I never intended a part two to my original coverage of the Canadian Open, but one commentor suggested perhaps I was to lenient in my assesment of these decisions. It is possible. As a good Canadian I naturaly avoid confrontation and only bury critism underneath pleasantries like "perhaps they might have" or "possibly she could have considered" instead of just calling out skips for being dead wrong.
Much of my strategy analysis is based in data, but I also believe what my childhood stats hero Bill James would protest,
"there are so many things that none of us know, no matter how detailed the statistics".
A skip is always making a strategy decision based on many factors, most of which cannot be analyzed with statistics. Even stats which are available need to be adjusted based on the conditions, the opponent, their team, and their own skills.
Warning to those right brain thinkers, we're going to dig a little further into the numbers than in our first pass.
Note: if you haven't read the original article, please go there first. Otherwise this will make even less sense. I wrote both and am still not sure what I'm talking about.
Situation 1: Steve Laycock
Steve has a choice between draw to the full four foot for 1 point or a hit and roll for 1 point. Let's estimate his odds at the draw are 95%. Let's estimate a steal of 1 is 3% and a steal of 2 is 2%. We'll use the WE chart for 4 rock FGZ (it's all we have for now) but increase the chance of a team 2 down with hammer to win by 3%. This is slightly better than just a wild ass guess. We do have a small sample of data from the 5 rock events which indicate that teams score threes about 3% more often. We need a couple of years more data to be more accurate but it seems like a reasonable start. We won't expect 1 down with hammer to change under 5 rock FGZ because thus far ends appear to play out identical as with 4 rock FGZ.
Win Expectancy (draw) = (.95)(.86)+(.03)(.79)+(.02)(.41) = .8489 or 85%
Estimate the hit and roll by Steve is made for 1 point 1/4 the time.
Win Expectancy (hit) = (.75)(.79)+(.25)(.86) = .8075
So these numbers indicate it's a 5% mistake.
What if Steve knows his lead makes the tick shot 80% of the time and when they make both ticks they win 100%. When they don't make both ticks they still win 70%. This would channge his WE when tied with hammer from .79 to:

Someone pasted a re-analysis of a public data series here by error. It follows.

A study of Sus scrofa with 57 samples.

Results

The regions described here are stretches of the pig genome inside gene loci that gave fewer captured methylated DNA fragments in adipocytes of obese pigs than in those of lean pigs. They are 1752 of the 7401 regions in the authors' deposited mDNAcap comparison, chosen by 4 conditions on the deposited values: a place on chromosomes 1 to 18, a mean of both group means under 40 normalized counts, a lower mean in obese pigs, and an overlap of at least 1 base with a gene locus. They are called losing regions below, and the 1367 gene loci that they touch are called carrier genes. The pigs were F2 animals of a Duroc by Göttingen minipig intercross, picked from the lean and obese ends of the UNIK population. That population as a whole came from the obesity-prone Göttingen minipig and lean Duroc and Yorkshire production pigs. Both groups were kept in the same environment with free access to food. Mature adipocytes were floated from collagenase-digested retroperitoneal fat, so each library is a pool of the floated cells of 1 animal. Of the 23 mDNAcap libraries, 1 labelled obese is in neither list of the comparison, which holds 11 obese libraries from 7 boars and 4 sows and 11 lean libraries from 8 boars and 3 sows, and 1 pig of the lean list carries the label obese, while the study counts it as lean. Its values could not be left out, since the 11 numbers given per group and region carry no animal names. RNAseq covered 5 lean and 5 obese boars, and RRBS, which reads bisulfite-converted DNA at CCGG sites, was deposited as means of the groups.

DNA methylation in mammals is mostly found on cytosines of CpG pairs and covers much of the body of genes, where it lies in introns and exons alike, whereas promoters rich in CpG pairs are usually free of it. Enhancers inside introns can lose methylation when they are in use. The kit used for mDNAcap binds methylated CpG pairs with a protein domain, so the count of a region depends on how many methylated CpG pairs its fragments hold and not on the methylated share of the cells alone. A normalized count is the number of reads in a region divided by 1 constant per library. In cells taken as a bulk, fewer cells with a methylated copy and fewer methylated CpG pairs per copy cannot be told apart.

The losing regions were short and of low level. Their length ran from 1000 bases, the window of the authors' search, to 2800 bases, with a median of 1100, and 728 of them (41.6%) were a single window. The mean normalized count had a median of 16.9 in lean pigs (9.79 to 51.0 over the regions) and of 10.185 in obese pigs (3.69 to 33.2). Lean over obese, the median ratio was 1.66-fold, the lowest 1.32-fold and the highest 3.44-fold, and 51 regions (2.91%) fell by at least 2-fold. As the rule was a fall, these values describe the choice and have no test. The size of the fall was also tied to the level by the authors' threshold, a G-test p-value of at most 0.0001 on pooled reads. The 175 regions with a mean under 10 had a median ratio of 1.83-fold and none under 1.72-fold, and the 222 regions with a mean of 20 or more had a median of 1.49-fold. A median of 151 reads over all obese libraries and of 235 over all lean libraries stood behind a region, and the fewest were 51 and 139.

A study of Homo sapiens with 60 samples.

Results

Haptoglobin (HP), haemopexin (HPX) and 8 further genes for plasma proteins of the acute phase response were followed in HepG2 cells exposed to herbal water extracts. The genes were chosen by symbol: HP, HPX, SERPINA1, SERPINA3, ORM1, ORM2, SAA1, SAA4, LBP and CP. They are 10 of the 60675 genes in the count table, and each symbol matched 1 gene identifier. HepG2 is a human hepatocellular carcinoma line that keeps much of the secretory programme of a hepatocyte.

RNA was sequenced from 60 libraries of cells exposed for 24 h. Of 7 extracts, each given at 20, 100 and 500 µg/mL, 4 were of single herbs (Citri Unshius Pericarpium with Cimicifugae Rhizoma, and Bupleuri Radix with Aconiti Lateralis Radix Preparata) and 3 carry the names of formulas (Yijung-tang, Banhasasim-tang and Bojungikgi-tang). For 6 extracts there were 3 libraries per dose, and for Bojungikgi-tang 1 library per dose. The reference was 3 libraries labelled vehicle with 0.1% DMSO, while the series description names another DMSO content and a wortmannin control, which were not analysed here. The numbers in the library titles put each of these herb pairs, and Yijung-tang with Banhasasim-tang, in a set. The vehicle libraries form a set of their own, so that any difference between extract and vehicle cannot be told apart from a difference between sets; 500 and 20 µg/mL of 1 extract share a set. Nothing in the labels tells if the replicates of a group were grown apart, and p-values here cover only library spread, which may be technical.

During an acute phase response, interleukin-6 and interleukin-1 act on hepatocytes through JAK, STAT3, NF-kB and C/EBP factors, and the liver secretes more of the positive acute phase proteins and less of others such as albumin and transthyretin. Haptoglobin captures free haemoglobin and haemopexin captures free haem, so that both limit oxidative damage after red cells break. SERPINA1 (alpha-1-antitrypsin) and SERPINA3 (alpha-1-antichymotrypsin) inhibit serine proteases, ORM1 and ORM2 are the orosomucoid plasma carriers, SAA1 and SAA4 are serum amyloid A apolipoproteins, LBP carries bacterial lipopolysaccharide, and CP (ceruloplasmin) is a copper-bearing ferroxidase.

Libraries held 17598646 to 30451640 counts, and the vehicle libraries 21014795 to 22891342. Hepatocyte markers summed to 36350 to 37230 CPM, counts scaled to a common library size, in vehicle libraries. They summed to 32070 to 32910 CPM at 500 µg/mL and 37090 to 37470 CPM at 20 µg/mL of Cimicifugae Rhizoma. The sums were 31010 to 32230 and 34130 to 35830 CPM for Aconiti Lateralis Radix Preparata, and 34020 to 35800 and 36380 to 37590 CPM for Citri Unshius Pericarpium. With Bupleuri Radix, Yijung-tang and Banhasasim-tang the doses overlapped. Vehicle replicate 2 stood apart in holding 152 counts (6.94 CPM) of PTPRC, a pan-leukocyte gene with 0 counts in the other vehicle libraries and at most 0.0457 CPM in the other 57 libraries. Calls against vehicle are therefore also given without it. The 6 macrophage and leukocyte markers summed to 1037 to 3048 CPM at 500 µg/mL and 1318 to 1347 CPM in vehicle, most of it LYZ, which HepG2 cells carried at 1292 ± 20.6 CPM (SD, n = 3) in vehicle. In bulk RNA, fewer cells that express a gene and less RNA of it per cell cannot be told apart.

WE = (.8)(.8)+(.7)(1-.64) = .892 or 89%
That's higher than our estimate for 2 up!
Replace .79 above in our equations with .89.
WE(draw) = 85.2%
WE(hit) = 88.3%
What looked originally to be a 5% mistake becomes a 3% advantage, if Steve's assessment of the ability for his team to execute the tick shot and finish the game tied with hammer is correct. And what if Steve doesn't expect to make the draw as high as 95%? Yes, a lot of IFs, but as we get more recent data on elite teams, we may see numbers which look closer to these results. Recall the previous chart (with a small sample size) shows recent Grand Slams (from 2012-13 Season to today) WE of 87% for tied with hammer in the final end.
Situation 2: Rachel Homan
Rachel can make the double for a blank (WE=.872) or will miss and give up a steal (.7).
Even more so than with mens data (for an up and coming team like Laycock), I'm willing to give Team Homan credit for having numbers which well exceed these averages for womens play. It's fair to say Rachel wins much more than 70% of the time when tied in the final end, and higher still when 1 up with hammer. In fact, Homan is 39-5 (88.6%) tied in the last or extra end and 11-1 (91.7%) 1 up with hammer in the final end. They are 19-1 (95%) when 2 up without hammer in the last end.
We could spend time trying to pull in data from other top teams and then use regression analysis to create a more confident estimate, But I don't have that much time on my hands.
Homan lead Lisa Weagle is so good at the tick shot they've started naming it a "weagle". Using the same formula as above for Laycock: assume she makes the tick shot 85% of the time (Rachel may even have these exact stats). Assume they also win 100% of the time both tick shots are made. When one or both ticks are missed, let's guess that Homan wins 60% of the time.
WE = (.85)(.85)+(.6)(1-.7225) = .889 or 89%
You may notice this is very close to their actual results.
The arguement now boils down to Homan's expected WE for the other conditions (1 up with and 2 up without hammer). 89% is higher than the womens averages for both these situations and if we use them the hit becomes an obvious decision. It seems obvious that as one of the top 3 teams in the world, Homan is well above the average, but how much?
It's late and I feel like I'm repeating myself. I think we get the idea.
One thing we find in both these decisions is it is closer than initially thought and when a team is in this dominant position, the wrong decision won't be that big of a mistake. Trying to decide whether you chose to have an 88% chance to win or an 90% is not a large error, especially given these numbers are not absolute for a particular team and situation.
I've talked before about the problem with "average" in our data and the elite teams. When I've run samples of different levels of teams (at least for mens), what stands out is that most numbers look fairly consistent, except for tied with hammer, where the team with hammer has a 4-5% advantge. The reason is the position of tied with hammer is less influenced by the skill of the opposing team and a large impact based on the ability of the team with hammer to clear free guards and draw for a point. Given the improvement by elite leads to make the tick shot most of the time, this gap is only getting larger.